Posted Feb 01, 2013 09:39 am CST
He and his book moved me from my unthinking practice of litigation to an intentional practice of resolution. I may owe him my life. —Jeff Bean, Seattle
I met Steven Keeva at the International Alliance of Holistic Lawyers conference in 1999. Like many lawyers, until I found IAHL I thought I was alone. Law school was rooted in a culture of survival—the reptilian brain and the analytical brain joined in perfect partnership, uncomplicated by any emotion or sense of right or wrong. Law rejected the limbic functions of the brain: nurturing, play, deep feelings and connectedness. I longed for a community of kindred spirits, lawyers who could honor their intellect and embrace their souls.
Being at the IAHL conference among lawyers who were yoga practitioners, energy healers and meditators shocked my Southern, small-town sensibilities. But Steve was there, and he was an editor of the ABA Journal. The ABA was mainstream; it wasn’t scary. Steve wasn’t scary; he was a kind and gentle person. I cautiously allowed my curiosity to explore. By the time Steve’s Transforming Practices: Finding Joy and Satisfaction in the Legal Life was published, I was active in helping lawyers become whole people.
Since then, I’ve met thousands of lawyers. Many can directly track their early transformations to Steve, his book and his columns for the Journal. In those early years, it was like a secret society. Bonita Yoder of Lawrence, Kan., told me that she used to carry a copy of Transforming Practices with her to bar meetings. She would place the book on the table to see if anyone recognized it, and they would share a moment of excited connection. Many lawyers have told me that they bought extra copies of Steve’s book to leave in the back rooms of courthouses, hoping others would find and read them. It was the holy book of the holistic law movement.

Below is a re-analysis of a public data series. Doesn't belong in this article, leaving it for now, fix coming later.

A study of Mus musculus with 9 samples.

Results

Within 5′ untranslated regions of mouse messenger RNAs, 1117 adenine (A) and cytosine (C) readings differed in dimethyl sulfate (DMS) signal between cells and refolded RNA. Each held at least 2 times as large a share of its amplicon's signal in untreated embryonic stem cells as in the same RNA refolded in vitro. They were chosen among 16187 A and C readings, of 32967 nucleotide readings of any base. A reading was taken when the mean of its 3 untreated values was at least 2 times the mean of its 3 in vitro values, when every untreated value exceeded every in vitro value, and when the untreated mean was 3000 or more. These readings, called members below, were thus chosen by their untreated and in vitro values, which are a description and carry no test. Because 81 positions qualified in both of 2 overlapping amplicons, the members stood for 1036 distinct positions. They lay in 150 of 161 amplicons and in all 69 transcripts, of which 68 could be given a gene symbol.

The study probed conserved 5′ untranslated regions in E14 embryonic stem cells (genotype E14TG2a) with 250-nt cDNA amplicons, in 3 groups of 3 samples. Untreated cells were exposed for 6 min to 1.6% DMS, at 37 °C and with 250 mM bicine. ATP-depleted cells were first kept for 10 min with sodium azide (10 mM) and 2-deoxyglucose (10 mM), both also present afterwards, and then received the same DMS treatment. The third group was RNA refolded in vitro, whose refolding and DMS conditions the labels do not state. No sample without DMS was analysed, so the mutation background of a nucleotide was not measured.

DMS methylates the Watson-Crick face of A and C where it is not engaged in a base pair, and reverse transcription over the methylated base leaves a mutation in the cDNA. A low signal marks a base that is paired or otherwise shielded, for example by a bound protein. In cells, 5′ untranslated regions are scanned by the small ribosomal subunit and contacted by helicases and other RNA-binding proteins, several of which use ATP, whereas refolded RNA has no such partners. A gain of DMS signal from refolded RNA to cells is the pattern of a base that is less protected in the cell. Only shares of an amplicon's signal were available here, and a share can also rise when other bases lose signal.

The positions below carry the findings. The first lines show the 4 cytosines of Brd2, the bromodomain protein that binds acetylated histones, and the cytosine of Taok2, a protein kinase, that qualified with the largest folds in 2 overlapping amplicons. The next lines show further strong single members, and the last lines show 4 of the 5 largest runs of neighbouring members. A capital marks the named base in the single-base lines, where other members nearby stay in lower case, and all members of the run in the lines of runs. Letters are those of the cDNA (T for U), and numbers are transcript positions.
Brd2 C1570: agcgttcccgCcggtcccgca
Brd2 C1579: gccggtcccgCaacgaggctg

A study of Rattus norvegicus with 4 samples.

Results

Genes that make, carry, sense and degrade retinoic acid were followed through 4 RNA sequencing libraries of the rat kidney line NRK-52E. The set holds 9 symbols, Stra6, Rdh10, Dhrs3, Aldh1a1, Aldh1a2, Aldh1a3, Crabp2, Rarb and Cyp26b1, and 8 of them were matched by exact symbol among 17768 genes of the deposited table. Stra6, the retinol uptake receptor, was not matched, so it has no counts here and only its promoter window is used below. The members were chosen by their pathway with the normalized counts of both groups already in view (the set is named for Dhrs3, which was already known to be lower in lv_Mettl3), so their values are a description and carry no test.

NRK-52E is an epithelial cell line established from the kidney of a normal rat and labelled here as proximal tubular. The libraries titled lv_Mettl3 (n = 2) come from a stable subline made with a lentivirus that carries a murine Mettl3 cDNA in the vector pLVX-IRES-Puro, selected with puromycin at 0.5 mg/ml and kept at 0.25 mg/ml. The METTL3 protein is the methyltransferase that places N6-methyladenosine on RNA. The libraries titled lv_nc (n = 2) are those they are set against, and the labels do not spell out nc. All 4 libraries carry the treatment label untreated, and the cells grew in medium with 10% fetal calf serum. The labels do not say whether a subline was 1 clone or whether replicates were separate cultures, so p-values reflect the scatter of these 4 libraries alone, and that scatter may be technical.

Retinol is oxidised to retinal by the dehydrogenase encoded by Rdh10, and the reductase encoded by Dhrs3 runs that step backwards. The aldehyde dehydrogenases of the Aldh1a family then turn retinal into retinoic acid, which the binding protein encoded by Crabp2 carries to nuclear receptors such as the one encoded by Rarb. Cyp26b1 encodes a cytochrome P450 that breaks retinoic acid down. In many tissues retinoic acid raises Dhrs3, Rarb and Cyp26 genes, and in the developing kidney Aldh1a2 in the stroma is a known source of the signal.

Visionaries are by their nature ahead of their time. The ideas in Transforming Practices have grown into the integrative law movement, the cornerstone of which entails being a whole person who not only thinks but feels, has a spiritual life, and practices law in ways that are based upon purpose and values. Entire conferences have been devoted to lawyers and meditation; law schools routinely offer meditation groups. Conferences, law reviews, books, websites and conversations explore ways to advance law as a healing profession as well as ways to promote peacemaking and career satisfaction for lawyers. While the IAHL is gone, it has been replaced by dozens of other organizations, some with thousands of members.
Steve opened a door that allowed many of us to enter new territory. He changed the face of law practice with his courage and brilliance.